FILE - Men pass by a building of Chinese tech giant ZTE, in Beijing, China, May 8, 2018.
FILE - Men pass by a building of Chinese tech giant ZTE, in Beijing, China, May 8, 2018.

Chinese telecommunications firm ZTE has signed a deal with the United States that lets the crippled company get back in business, Reuters reports.

ZTE was almost totally shut down after the Trump administration cut off exports of U.S. made parts to the company. It was, in the words of one expert, “caught red-handed” putting the U.S. technology into products and selling them to countries under U.S. trade embargoes, including Iran and North Korea.

ZTE depends on U.S. parts for wireless stations, optical fiber networks and smartphones.

According to Reuters, the deal to get ZTE operating again included a $1 billion fine, regular inspections of its plants and the replacement of its team of executives.

Neither ZTE nor the U.S. Commerce Department has confirmed that any definitive deal was signed.

But the reports already have U.S. lawmakers angry that the Trump administration is willing to let ZTE resume using U.S.-made components.

FILE - Senate Intelligence Committee Vice Chairman
FILE - Senate Intelligence Committee Vice Chairman Sen. Mark Warner, D-Va., speaks with reporters on Capitol Hill in Washington, Sept. 27, 2017.

“If these reports are accurate, this is a huge mistake,” Virginia Democrat Mark Warner of the Senate Intelligence Committee said. “ZTE poses a threat to our national security. That's not just my opinion — it's the unanimous conclusion of our intelligence community.”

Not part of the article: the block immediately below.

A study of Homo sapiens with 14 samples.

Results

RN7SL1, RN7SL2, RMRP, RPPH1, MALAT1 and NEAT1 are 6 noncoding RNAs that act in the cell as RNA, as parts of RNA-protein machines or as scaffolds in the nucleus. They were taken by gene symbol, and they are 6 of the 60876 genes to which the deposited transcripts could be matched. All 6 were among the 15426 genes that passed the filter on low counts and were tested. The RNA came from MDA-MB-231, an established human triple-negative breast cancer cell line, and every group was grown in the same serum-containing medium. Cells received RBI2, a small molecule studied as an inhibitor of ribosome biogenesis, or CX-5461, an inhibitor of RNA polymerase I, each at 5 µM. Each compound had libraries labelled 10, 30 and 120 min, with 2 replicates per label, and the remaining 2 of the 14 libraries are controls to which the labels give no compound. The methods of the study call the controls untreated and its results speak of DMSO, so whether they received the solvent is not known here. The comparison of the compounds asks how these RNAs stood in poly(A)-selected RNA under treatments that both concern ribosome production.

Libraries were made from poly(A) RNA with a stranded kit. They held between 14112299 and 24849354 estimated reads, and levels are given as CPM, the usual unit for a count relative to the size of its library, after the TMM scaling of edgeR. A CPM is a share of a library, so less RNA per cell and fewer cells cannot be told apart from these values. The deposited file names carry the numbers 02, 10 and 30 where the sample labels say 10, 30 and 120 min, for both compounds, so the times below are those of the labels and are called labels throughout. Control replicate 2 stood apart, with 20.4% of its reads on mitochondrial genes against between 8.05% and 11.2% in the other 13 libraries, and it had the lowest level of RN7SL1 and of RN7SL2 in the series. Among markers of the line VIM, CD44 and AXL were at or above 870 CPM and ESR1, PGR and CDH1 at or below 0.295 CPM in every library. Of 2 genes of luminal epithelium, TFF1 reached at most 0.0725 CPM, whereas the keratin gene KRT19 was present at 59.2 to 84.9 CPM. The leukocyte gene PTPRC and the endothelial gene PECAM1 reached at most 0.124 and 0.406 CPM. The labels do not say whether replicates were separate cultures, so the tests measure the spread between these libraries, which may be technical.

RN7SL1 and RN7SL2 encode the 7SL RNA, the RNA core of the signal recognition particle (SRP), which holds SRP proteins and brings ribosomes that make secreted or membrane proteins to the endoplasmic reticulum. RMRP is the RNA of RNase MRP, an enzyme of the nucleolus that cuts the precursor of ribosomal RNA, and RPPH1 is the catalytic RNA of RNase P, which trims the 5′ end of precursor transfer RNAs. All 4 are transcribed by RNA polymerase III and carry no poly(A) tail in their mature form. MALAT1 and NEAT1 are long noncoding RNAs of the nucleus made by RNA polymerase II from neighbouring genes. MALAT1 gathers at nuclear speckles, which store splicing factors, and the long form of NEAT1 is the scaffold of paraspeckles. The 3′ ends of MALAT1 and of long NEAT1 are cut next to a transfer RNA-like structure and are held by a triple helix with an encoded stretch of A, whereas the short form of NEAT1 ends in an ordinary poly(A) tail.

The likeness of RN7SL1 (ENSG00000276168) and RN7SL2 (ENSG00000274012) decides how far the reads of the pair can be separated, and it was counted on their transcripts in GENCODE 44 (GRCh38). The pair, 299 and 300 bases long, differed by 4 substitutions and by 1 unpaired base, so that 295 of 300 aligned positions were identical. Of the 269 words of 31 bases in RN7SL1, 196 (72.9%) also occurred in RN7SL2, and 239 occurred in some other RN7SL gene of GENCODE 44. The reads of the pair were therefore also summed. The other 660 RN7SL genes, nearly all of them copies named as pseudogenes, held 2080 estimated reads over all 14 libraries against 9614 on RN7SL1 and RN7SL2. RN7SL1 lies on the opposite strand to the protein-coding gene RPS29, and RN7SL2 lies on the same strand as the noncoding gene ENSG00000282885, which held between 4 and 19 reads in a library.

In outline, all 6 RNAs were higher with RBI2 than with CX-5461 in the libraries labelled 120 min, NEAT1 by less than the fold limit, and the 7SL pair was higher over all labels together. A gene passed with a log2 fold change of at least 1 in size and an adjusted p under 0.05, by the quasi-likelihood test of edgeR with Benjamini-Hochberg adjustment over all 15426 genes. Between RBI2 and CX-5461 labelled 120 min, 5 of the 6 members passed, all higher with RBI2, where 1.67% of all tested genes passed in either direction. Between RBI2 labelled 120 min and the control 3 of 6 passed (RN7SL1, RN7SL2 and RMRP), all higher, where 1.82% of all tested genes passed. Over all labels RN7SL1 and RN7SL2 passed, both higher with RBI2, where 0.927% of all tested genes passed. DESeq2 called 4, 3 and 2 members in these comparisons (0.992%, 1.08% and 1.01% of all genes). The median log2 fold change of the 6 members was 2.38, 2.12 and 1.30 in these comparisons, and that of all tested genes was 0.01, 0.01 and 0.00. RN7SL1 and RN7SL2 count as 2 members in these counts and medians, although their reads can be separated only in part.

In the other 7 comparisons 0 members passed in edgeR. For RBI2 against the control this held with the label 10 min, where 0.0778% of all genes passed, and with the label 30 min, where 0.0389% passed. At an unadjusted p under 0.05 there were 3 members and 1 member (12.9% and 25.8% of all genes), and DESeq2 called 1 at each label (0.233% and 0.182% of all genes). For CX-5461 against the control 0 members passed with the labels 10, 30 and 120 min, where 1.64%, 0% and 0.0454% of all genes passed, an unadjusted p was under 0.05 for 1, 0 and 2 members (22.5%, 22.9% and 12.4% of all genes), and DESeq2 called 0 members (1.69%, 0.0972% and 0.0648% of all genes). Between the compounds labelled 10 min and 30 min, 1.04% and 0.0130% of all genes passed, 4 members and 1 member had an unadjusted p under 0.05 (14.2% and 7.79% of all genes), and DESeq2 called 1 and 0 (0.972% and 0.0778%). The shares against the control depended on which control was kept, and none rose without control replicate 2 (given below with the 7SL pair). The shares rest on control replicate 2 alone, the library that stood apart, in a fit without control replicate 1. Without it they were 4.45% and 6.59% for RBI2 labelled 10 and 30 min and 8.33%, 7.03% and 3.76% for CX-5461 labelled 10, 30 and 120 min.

Democratic Minority Leader Chuck Schumer of New York called President Donald Trump someone who “roared like a lion and is governing like a lamb” when it comes to China and letting ZTE “off the hook.”

Republican Senator Marco Rubio of Florida has also called ZTE a security risk and said a bill to block the U.S. from doing business with it would have huge support in Congress.

Trump said last month he was looking for a way to let ZTE “get back into business fast.” 

“Too many jobs in China lost,” Trump tweeted as he ordered the Commerce Department “to get it done!” 

Trump has often complained about China stealing U.S. jobs and having a huge trade deficit with the U.S. His tweets in support of China and ZTE perplexed Congress and many economic experts.  

But the White House has said Trump’s tweets “underscore the importance of a free, fair, balanced and mutually beneficial economic trade and investment relationship between the United States and China.”